Revising the Wire Act: What does it mean for you? Part 2
As GLMS' Ludovico Calvi says, the lack of clarity for betting and gaming operators could be the most damaging consequence of the Department of Justice’s (DoJ) revised opinion on the Wire Act.
He suggests that operators should prepare for all eventualities while they wait for further instruction from the DoJ. Calvi recommends that operators get legal advice on the issue, and liaise with trade associations such as the American Gaming Association (AGA) and North American Association of State and Provincial Lotteries (NASPL).
“To protect the business, however, I would make sure that all my internet wagers are taking place within the state and have all servers physically located within the state border,” he continues. “In the meantime, I would try to formally ask DOJ and local regulators for further clarifications and interpretation given the ambiguity of the opinion while challenging it in court.
“As a last resort, I would make all provisions to potentially suspend the operations, if required.”
Gambling.com chief executive Charles Gillespie says that what the ruling actually means will be as much of a mystery to state legislators as it is to the industry at present. He says that state lawmakers will therefore wait for clarifications from the DoJ before pushing forward with sports betting regulations.
“This will slow the pace of development somewhat in the short term but the overall pace will remain pedal to the floor,” Gillespie says.
Ultimately the key message from the sector is that, for the time being at least, it will be business as usual.
“Our position will probably remain unchanged in the short-term,” Station Casinos’ Art Manteris says. “I expect that we will continue to explore opportunities while simultaneously seeking definitive ground rules on various state and federal wagering transmission and remote liability management rules and restrictions.”
Catena’s Michael Daly says that as long as there is demand for his company’s services, it will continue to make sure they are available.
“We believe the states that have online casinos operating are doing so legally but will obviously defer to any law that states otherwise.”
However he points out that the until the DoJ follows up the ruling with additional instructions or advice, the way the opinion is interpreted could have far-reaching effects.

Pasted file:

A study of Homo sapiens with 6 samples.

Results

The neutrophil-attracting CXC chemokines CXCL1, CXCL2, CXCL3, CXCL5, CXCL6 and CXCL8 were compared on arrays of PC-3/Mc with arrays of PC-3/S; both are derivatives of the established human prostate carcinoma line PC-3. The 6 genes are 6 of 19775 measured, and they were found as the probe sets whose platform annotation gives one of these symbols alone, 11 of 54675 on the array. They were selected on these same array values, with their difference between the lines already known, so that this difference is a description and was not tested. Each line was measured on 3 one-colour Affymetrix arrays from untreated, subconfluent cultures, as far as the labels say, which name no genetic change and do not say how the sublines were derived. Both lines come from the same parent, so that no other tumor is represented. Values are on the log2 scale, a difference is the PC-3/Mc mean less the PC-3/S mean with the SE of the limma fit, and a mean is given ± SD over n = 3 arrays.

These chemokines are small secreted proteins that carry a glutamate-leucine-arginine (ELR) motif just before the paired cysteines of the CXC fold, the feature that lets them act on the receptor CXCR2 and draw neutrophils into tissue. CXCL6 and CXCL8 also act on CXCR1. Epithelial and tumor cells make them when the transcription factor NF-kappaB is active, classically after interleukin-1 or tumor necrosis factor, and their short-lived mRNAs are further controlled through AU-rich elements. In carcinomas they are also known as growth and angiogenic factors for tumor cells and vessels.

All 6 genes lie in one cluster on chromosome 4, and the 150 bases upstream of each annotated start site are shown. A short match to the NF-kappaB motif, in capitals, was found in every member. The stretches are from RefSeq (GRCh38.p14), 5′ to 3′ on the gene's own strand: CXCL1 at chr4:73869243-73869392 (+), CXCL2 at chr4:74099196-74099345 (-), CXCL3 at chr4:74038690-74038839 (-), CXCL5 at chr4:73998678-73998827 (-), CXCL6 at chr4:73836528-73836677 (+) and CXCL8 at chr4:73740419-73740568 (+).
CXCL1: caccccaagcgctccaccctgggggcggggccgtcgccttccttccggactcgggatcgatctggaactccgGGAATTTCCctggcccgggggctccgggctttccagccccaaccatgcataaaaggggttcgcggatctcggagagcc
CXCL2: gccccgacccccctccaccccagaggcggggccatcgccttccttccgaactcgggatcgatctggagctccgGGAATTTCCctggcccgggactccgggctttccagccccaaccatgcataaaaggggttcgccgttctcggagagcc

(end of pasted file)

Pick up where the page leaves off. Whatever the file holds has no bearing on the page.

“There is reference to anyone providing 'information assisting in the placing of bets or wagers' and we have no clarity what that could entail,” he says. “If having sites where someone can read what casinos are good choices for them is 'information assisting in placing a bet', then all media in the US that run any casino or lottery adverts or stories are in the same boat.”
He points out that this would include all TV stations, newspapers that list lottery winners, and even billboard owners – possibly even internet service providers.
“What about anyone who displays sports scores, or anyone who makes a comment on who is favoured in a sporting contest, as that information can be used to assist with what bets to place on those or future contests?”
Daly says that even banks could find themselves in trouble.
“When I check my balance prior to making a withdrawal, to then deposit at an online casino? I do that prior to placing a wager, is that balance information assisting in the placing of a bet (not even addressing the transfer of funds),” he asks. “So should banks stop providing balance information to anyone as it poses a risk? Closer to it, does putting money in an online casino account mean the money source have assisted with placing a wager?”
He argues that this, in turn could force banks to stop providing automatic teller machines in land-based venues – even in convenience stores that sell lottery tickets could conceivably fall foul of the opinion.
“I could go on and on with the absurdity this could lead to,” he says. “Hopefully, more logical heads will prevail.”
While taking it to an extreme, Daly raises an important point. The 2011 Wire Act ruling served to remove all uncertainty around the legality of online gaming. The 2019 edition has only served to bring this uncertainty screaming back. Perhaps the DoJ is preparing a detailed series of follow-ups to the ruling to address the myriad issues it has resurrected – but considering there is no permanent Attorney General, this may not be a major priority.
Instead, the ruling appears to only serve to make regulated operators and the states taking their tax dollars sleep a little worse at night. Until the DoJ tells the industry what it means – assuming it knows what it means – by its ruling, the US market looks set for months, maybe years, of discomfort.